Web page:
Sex, Drugs, and Boredom

Why we should take entertainment more seriously than we do.

Is it Time to End the War on Drugs?

Why controlling drug use seems impossible

The perennial debate on whether to end the "war on drugs" seems to be heating up again. Prison over-crowding and the unprecedented violence in some parts of Mexico are two of the factors leading some to question whether it is time to try something other than harsh criminal punishments for illegal drug use.

And indeed, it would be difficult to argue that the war on drugs has been a success. I live in Oklahoma, the state with the highest incarceration rates for women. A high proportion of these-over 50% in some areas-are in prison for drug-related offenses. Now, many of these women have children. And those children, separated from their mothers for years at a time, are-guess what?-likely to use drugs. So they too are likely to end up in prison. This does not appear to be a very intelligent social policy.

This, among other examples, makes some level of legalization of drug use sound like the way to go. Perhaps it is. But then we run into the fact that, as David Courtwright has pointed out, throughout history probably the best predictor of addiction rates in any place is simply the availability of drugs. When drugs are more accessible more people use them, and more people begin to exhibit the patterns of use we call addiction.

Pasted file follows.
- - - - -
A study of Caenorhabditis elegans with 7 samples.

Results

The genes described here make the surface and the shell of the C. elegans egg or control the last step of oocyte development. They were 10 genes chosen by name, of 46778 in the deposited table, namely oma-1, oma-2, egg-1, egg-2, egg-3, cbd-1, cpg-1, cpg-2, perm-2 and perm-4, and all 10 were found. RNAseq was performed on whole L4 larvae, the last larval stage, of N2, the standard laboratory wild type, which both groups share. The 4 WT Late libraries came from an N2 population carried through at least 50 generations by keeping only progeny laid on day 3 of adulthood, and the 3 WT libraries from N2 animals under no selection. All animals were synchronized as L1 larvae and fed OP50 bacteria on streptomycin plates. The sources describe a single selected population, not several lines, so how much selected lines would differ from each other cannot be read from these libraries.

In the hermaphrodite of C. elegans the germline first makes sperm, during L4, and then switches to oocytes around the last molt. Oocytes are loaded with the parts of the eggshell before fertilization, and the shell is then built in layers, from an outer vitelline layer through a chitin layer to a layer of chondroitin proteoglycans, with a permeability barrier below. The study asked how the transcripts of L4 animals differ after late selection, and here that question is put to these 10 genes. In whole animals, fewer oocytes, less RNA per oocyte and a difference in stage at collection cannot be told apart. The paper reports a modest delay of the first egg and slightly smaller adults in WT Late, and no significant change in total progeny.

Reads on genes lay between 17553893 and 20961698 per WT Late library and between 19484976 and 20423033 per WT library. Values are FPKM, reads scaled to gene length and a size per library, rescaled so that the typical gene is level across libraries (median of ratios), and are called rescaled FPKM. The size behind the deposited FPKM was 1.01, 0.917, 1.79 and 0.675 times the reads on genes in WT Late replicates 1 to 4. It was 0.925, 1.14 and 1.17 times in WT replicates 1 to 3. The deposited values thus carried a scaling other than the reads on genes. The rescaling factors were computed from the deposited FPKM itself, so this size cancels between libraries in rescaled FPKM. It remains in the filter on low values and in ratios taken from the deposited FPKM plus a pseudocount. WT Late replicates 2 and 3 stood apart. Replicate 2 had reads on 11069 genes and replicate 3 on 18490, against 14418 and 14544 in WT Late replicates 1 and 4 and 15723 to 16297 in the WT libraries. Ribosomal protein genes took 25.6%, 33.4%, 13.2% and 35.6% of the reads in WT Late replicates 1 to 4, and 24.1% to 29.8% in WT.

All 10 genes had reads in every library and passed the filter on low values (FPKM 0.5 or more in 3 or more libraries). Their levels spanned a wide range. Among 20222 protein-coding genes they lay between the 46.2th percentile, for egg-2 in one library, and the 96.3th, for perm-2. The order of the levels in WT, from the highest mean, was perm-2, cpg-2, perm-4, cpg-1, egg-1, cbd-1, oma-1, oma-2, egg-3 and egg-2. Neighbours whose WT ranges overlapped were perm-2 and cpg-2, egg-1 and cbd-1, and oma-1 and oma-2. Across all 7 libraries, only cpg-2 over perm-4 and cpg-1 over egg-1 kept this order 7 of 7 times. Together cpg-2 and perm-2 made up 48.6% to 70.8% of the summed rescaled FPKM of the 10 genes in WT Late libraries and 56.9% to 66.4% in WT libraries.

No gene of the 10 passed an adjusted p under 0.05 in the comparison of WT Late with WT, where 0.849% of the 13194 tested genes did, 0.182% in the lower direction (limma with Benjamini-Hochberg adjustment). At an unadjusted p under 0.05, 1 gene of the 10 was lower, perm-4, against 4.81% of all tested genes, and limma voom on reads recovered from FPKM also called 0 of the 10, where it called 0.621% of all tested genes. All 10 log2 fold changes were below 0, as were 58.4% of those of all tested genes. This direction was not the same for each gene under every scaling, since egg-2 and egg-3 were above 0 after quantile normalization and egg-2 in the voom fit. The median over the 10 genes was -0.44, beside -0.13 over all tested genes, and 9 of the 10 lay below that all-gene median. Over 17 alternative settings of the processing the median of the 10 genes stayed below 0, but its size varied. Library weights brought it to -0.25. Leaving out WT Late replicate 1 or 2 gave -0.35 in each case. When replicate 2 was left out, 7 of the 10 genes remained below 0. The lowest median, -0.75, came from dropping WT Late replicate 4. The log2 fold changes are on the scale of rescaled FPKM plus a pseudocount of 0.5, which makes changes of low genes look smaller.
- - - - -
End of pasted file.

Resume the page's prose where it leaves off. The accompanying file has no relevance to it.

Clever animals that we are, we have nevertheless figured out a lot of ways to artificially stimulate the pleasure centers of the brain and thereby circumvent the natural stinginess of our pleasure systems. Lots of people find these techniques difficult to resist. Thus I would put my money of the possibility that if we make it less difficult and dangerous to get mind-altering drugs, many more people will use them, and we will have traded a criminal problem for a public health problem.

And in fact, it's worse than this, much worse. Here in the United States, we have created an entire culture based on stimulating ourselves through entertainment. Some cultures throughout history have valued honor, or piety, or moderation. We value enjoyment and personal pleasure. For this reason, neither a war on drugs nor legalization will work to keep drug use under control. We live in a society that, in its attempt to keep a high consumption economy humming, tells its citizens that pleasure and arousal are the most important goals in life. It cannot really come as a surprise, then, when many people are inexorably drawn to drug use.

To learn more about the culture of entertainment, please visit Peter G. Stromberg's website. Photo provided on Flickr by Tomas de Aquino, from Wikipedia.

 

 

Peter Stromberg, Ph.D., is an Anthropologist and author of Caught in Play: How entertainment works on you.